CHENNAI, INDIA – IJM helped rescue ten people from slavery in a sawmill last week – including six children, the youngest only 7 years old. Many of the children had been born there, and some of the adults said they had been trapped there for 18 years.
The children, ages 7 to 12, worked alongside the adults, cutting down trees for lumber, without power tools or heavy machinery. They worked ten hours a day, every single day of the week, and received about 50 cents a week – barely enough for food. There was no rest, no hope for escape.
IJM investigators discovered that the sawmill was being run on slave labor. They recorded the workers' stories and took the case to the government.
A district government official led the rescue operation on December 5, 2012. "This group of people lived under very pathetic conditions," explained the official in charge, struck by the harsh life these families had obviously endured as forced labor slaves; he added: "They spent their night hours in the open, because their tents were insufficient, and it was difficult to see them exposed to extreme weather."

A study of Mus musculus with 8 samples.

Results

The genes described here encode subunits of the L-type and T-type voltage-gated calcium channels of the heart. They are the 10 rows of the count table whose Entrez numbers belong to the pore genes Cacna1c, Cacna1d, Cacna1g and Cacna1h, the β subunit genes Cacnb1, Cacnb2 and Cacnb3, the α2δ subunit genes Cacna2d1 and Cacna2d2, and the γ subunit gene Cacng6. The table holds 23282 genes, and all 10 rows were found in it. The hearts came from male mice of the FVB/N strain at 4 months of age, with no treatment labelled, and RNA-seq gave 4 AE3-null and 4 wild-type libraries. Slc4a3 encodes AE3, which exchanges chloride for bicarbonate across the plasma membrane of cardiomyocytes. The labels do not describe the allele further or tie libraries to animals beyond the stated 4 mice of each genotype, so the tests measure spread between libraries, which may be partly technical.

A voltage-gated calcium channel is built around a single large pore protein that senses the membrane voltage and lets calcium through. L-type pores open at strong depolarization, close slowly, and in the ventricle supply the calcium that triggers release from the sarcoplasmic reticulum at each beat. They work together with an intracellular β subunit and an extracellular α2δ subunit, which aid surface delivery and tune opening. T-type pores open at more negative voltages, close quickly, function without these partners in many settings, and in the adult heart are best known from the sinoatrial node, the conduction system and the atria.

After taking statements and documenting their stories, the government official issued each person a release certificate. These legal document declare them free from slavery and emancipate them from the sawmill where they were held as forced laborers. The official said he felt "very happy" to see the families set free, and he added that "the guidance and assistance of IJM was very good."
IJM took the families home to their villages. Now, IJM will help them readjust to life in freedom, a process that will take time since life in slavery is all these children have known.